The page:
Job hunting in the digital age: is the traditional CV enough?

As businesses and people across the globe move into a digital age characterised by social media, online professional networking profiles and even personal websites, do we still need CVs when looking for new job opportunities?

Employers and recruiters are turning to online job portals like Job Mail, to cast a wider net and ensure they can source the best employee for the job at hand.

The same can be said of job seekers, as they are able to search through a wide variety of jobs available, and use filters to sort the jobs according to categories, geographic location and more.

Job portals also allow for job seekers to upload their CVs so that recruiters looking for specific skill sets can track them down and reach out to them.

But, given South Africa’s poor economic growth and high unemployment rate, there are potentially thousands of applicants for the limited number of jobs out there.

The onus is thus on the job seeker to make their CV stand out from all the others that employers or recruiters have to sift through.

Visual CVs are on the rise, and people are increasingly resorting to make their CV stand out through the use of images - infographics, charts, and timelines - allowing for prospective employers or recruiters to gain an overview of the applicant’s educational and professional history at a glance.

There are several websites that offer such CV building services: users can log in using their LinkedIn credentials, the website automatically pulls in all the information from their LinkedIn profile, and creates a visual CV for them.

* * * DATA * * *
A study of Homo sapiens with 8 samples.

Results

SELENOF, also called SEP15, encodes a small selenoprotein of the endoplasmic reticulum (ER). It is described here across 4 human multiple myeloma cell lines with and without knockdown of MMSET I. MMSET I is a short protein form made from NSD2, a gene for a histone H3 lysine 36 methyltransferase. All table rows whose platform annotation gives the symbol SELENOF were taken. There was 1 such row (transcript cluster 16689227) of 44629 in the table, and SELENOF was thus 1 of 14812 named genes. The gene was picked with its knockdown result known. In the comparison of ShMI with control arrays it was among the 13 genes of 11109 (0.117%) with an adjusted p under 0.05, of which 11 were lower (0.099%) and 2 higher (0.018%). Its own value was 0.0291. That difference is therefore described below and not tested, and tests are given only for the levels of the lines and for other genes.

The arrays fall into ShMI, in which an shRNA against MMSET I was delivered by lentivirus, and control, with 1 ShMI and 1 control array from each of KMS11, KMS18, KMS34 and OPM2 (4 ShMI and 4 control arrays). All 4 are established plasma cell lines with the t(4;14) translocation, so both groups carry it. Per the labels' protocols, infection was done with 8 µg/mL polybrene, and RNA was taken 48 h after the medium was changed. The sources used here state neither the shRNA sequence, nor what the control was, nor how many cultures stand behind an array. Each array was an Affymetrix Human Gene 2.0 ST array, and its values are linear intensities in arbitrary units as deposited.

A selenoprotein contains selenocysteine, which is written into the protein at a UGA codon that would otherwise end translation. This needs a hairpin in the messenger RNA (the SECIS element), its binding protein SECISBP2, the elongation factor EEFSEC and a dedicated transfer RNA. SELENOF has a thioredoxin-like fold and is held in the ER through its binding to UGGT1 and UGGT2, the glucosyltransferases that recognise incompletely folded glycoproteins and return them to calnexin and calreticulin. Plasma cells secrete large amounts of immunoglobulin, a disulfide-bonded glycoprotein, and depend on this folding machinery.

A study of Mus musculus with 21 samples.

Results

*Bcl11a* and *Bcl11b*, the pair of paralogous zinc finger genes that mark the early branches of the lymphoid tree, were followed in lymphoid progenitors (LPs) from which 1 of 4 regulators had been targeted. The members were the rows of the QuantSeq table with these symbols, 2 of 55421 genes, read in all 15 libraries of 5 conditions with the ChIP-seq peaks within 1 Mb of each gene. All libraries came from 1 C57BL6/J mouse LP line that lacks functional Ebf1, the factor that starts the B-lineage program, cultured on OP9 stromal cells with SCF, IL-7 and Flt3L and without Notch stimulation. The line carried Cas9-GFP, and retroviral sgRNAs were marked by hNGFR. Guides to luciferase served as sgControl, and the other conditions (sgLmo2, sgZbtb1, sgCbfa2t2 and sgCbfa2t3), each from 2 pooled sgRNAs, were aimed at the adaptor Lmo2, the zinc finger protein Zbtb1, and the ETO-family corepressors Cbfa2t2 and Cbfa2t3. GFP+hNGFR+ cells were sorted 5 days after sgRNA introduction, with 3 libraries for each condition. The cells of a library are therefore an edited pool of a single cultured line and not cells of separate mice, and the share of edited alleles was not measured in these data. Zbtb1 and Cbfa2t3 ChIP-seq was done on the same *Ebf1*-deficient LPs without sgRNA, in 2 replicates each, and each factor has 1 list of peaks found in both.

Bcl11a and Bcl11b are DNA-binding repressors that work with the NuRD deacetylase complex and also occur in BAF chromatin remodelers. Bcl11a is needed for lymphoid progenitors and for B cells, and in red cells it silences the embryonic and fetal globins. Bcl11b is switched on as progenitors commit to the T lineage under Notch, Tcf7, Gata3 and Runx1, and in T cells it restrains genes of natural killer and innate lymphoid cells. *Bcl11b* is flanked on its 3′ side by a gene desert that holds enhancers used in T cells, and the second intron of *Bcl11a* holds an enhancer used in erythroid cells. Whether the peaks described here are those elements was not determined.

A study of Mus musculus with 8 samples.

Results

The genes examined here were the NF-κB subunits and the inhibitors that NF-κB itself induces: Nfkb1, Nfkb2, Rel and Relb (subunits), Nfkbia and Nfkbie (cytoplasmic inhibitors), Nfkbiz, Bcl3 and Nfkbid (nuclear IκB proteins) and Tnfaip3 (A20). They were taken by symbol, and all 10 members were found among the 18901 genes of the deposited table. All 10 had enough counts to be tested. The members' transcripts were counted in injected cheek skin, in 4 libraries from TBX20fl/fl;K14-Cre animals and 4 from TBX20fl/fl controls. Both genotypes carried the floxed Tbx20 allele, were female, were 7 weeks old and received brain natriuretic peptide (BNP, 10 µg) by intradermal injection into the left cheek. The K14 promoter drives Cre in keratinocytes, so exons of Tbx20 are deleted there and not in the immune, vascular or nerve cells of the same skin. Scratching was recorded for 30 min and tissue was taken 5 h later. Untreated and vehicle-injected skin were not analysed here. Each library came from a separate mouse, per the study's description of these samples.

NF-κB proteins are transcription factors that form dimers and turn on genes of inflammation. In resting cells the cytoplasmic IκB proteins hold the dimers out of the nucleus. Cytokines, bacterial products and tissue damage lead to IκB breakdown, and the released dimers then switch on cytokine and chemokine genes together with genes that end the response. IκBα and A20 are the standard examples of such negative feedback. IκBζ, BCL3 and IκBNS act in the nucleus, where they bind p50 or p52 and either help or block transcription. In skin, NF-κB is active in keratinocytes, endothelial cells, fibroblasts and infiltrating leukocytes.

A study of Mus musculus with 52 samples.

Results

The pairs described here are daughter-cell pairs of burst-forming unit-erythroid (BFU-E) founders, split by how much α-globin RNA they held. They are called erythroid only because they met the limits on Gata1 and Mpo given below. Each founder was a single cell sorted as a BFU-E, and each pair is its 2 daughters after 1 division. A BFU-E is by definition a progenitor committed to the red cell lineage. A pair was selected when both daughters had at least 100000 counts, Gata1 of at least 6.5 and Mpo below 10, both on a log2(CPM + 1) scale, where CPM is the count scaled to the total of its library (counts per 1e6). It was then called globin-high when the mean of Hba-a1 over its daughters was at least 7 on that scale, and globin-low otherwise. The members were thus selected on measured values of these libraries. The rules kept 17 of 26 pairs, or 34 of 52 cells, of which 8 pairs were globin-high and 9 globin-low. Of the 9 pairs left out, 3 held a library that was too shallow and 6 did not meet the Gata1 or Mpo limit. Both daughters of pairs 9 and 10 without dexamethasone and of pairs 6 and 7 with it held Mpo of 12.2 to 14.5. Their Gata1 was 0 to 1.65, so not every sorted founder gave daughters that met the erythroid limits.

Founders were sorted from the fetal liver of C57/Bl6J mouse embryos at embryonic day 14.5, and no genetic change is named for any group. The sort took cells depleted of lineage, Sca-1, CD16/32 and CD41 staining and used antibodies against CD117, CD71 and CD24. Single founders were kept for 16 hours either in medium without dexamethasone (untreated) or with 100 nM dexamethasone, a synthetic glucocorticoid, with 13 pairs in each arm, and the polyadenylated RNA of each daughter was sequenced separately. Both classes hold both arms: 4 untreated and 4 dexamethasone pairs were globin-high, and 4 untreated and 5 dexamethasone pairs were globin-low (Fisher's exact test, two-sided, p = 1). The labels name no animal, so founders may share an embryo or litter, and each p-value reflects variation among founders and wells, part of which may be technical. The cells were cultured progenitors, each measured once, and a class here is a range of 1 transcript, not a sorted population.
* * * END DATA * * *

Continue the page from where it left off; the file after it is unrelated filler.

These visual CVs don’t even have to be in a traditional document format that can be printed or emailed: several online CV services go even further by setting up an online CV for users, and provide them with a website URL that can be included when enquiring about employment opportunities.

Such services usually operate on the 'Freemium' model, where basic visual CVs are created for free, but users then have to pay for extras like customisation, more detailed information, personal branding, custom URLs, and even short video introductions or testimonies.

Many job portals, recruiters, and employers also allow for job seekers to submit online applications through pulling information from LinkedIn profiles, and job seekers need to make sure their profiles are regularly updated, especially with regards to experience, skills and achievements.

Companies in retail, hospitality and creative industries are also upping the ante by asking job seekers to submit short video CVs, where the job seeker has to speak about themselves, their qualifications and work experience - and even why they feel they should get the job.

Video CVs can further help recruiters or employers evaluate candidates based on their communication skills, personality and character.

The rise of internet-related jobs has also changed the way in which employees are hired, and people looking for jobs in this rapidly expanding industry need to have an online presence where it counts.

People applying for social media management positions will need a presence on multiple social media networks with reasonable number of fans or followers, while digital content marketers might need to have a blog with regular posts to demonstrate their writing skills, familiarity with search engine optimisation (SEO) and so on.

With so many options available, where does one start? Firstly, it is important to take into account the intended audience of the CV - if the job seeker is looking for something in the creative industries, a strikingly visual and unusual CV maybe the best way to showcase their skills and gain the attention of the employer.

For a job in a more conservative industry, it would be better to stick to the basics

So, is the CV dead? It’s not - the traditional CV and cover letter still gives the prospective employer detailed information about the job seeker, as well as their educational and professional history.

But, in today’s digital age job seekers should enrich their traditional CVs with visuals, and also give prospective employers the option of being able to look at video CVs, detailed LinkedIn profiles and even social media profiles so they can gain a better understanding of the person they want to hire.